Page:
Article by: MaryEllen | Monday, October 8, 2018

By MaryEllen Tribby

I often receive incredibly humbling comments about my work. Sometimes these comments are in regards to my books, Reinventing the Entrepreneur: Turning Your Dream Business into a Reality or Changing the Channel: 12 Easy Ways to Make Millions for Your Business. Other times folks are referring to The Success Indicator, Content Profit Machine or Inbox Empire. Moreover folks mention the countless essays I have written for Working Moms Only or The CEO’s Edge.

Frankly sometimes these comments almost make me uncomfortable because of their high praise. And when I say high praise, I mean it. Some say I have changed their lives; others tell me I have given them their second chance. While others tell me I have created a legacy through my work.

I am exceedingly grateful. Not just for the comments but for the honor of being able to do so and to help others.

However, when I think about my legacy, my instincts are not directed to my work. Rather, my instincts immediately soar and land on my children.

I am blessed and honored along with my hubby to be able to raise and guide these children as I believe they are my imprint on the world. I believe wholeheartedly that these three kids will indeed make the world a better, more humane place. And to some extent already have. I am unbelievably proud of their compassion, kindness and innate ability to make others laugh.

Legacy Moments

I also believe building a legacy takes years. That it does not happen in one large chunk of work, instead it is a lifetime of moments intermingled.

I experienced such a moment recently.

I have shared before that all three of my kids are elite athletes who have dreams of either playing their sport in college or professionally.

I remember when Delanie, my then 10-year-old, played in a tennis tournament. She played USTA girls 12’s as she was winning the 10’s, and we wanted to give her tougher competition. But what we did not prepare her for was some of the unethical conduct that takes place on the court.

You see tennis is self-monitored. Unlike baseball, basketball, lacrosse, football, soccer and softball which have a referee, an official or an umpire on the field/court the entire time to make the official calls, tennis does not. In the junior level and even in some college tournaments, the players on the court make the calls.

These players are expected to be honest and fair.

Unfortunately honesty does not always prevail. And this tournament was a prime example. Delanie played against an 11-year-old girl who was an obvious cheater.

I gave this kid the benefit of the doubt, as I hate calling an 11-year-old a cheater. However it was soon unmistakable that this kid was going to lie and cheat wherever she could to obtain points. And to make matters worse her father sat there clapping. Other parents saw what was happening and were appalled. It was clear to see that “The Cheater’s” behavior stems from her parents and this actually made me feel sorry for the young girl.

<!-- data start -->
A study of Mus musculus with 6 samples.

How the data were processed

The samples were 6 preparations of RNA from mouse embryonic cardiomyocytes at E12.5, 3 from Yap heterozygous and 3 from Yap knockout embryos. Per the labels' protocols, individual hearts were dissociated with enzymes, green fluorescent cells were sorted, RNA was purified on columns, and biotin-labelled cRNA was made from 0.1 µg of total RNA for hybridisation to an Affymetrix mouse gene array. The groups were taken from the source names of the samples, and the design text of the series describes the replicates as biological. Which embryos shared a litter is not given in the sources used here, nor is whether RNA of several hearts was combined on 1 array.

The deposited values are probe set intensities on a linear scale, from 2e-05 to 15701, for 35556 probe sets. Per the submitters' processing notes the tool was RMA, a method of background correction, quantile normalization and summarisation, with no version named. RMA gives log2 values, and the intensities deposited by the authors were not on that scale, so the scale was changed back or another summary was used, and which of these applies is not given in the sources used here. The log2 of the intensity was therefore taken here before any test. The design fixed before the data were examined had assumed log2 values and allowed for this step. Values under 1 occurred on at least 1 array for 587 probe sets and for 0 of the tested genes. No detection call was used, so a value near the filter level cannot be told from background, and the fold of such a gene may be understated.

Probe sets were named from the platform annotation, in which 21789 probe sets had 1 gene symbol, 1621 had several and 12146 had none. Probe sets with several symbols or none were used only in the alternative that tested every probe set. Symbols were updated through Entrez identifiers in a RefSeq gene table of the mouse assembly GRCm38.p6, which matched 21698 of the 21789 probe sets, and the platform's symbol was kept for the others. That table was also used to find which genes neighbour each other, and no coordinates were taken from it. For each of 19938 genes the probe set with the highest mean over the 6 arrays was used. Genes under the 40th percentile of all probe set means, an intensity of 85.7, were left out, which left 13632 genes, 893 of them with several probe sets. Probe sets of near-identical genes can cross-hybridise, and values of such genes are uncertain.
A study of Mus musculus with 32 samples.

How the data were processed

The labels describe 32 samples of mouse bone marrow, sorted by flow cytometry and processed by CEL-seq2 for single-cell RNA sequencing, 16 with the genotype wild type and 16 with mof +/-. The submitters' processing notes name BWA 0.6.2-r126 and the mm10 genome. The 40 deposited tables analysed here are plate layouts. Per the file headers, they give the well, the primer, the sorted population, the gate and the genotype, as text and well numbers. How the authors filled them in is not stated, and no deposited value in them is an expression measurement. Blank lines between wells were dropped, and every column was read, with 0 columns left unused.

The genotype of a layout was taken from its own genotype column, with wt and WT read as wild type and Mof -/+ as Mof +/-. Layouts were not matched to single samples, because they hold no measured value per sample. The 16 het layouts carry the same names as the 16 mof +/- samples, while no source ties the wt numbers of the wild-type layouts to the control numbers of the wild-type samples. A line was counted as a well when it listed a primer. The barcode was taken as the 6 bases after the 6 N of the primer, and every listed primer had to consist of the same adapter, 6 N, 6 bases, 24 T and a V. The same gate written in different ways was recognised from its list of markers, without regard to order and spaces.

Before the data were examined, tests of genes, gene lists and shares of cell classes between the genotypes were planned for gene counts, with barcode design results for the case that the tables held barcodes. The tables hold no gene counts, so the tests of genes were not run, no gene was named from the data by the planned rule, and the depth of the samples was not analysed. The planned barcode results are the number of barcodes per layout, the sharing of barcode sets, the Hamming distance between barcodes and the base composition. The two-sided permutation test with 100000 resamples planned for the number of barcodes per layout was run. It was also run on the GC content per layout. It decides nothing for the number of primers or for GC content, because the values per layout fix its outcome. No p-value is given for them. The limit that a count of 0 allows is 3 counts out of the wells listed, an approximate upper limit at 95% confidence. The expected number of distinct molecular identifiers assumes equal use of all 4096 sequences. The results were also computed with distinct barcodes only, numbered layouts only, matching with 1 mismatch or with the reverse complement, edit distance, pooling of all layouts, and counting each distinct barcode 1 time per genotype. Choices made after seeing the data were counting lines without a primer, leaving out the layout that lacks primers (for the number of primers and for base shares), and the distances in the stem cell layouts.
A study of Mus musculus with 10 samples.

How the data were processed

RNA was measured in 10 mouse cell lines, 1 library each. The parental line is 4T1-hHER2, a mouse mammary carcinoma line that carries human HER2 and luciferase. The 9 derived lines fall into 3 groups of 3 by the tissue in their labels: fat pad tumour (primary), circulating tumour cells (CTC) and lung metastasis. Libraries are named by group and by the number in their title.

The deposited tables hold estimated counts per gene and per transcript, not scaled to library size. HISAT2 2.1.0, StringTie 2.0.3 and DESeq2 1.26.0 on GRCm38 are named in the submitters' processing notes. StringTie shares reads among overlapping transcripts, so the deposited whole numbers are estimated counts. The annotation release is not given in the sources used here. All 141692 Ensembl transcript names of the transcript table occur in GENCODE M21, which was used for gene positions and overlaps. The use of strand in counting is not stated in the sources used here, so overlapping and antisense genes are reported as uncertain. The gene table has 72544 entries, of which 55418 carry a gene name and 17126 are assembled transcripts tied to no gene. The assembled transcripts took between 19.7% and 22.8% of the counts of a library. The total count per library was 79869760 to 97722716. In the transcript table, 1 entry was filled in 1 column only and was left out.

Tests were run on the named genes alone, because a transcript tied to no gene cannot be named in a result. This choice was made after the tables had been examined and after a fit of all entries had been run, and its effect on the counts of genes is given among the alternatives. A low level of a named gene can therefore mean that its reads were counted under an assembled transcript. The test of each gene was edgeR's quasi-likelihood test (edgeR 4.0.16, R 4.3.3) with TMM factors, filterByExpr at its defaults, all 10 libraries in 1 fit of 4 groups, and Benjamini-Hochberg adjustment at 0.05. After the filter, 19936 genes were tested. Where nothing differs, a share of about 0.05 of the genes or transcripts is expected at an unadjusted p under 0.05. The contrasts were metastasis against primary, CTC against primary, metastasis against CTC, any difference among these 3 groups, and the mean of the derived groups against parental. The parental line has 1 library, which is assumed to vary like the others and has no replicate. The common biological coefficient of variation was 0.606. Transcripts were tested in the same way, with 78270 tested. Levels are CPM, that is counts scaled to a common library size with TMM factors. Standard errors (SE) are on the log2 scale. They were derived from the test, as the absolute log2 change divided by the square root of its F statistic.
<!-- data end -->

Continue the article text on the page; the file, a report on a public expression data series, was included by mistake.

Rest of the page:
The complexities of the USTA world are too great to go into here. But I will share that Delanie lost that match and cried in the car on the way home.

Once I calmed her down, I came to learn that she was not crying due to the loss of the match, but because of the lack of honor and humanity her opponent had for the game.

Delanie’s exact words to me were, “Mom, the only way that girl is ever going to win is by cheating. I am never going to cheat – I love this game too much!”

Delanie’s passion and integrity will continue to play an integral part in her and I am grateful for that.

And with my birthday this week and I reflect on my life, it is apparent to me that I have had thousands of legacy moments with the preponderance of them relating to my kids.


My Birthday Wish

I have always thought of Working Moms Only as a platform for empowerment and enhancement. I ask one thing of you today.

Think about what you want your legacy to be – what do you want to be remembered for?

If, like me, your greatest legacy is being known for being a great mom, I ask you to do the following each day:

1) Every morning when your child/children wake up, hug them, kiss them and tell them that you love them. What a wonderful way for THEM to start their day!

2) Honor, respect and love yourself. Get rid of the crazy roommates in your head that tell you that you are not good enough, not strong enough or there is something wrong with you. By honoring, respecting and loving yourself, you are setting an example for your kids. You are teaching them to be a leader.

3) Dream big and encourage your kids to do the same. Look at all the great inventors, athletes, writers, actors, doctors, etc. . . . They all had two things in common, they dreamed big AND they took action. You and your kids should do the same. When Delanie told us she wanted to be a professional tennis player, we said great, let’s work out a plan. Now we stick to that plan. And of course that plan evolves as Delanie advances in her skill set. But we support and help her take action every day.

I thank you for being part of the Working Moms Only community and invite you to share your favorite legacy moment right here.

As a community we can accomplish anything. We are all moms, and we are all here to share and help one and other. I am honored that you have been with me for nearly 900 issues.

Please share your legacy moment here!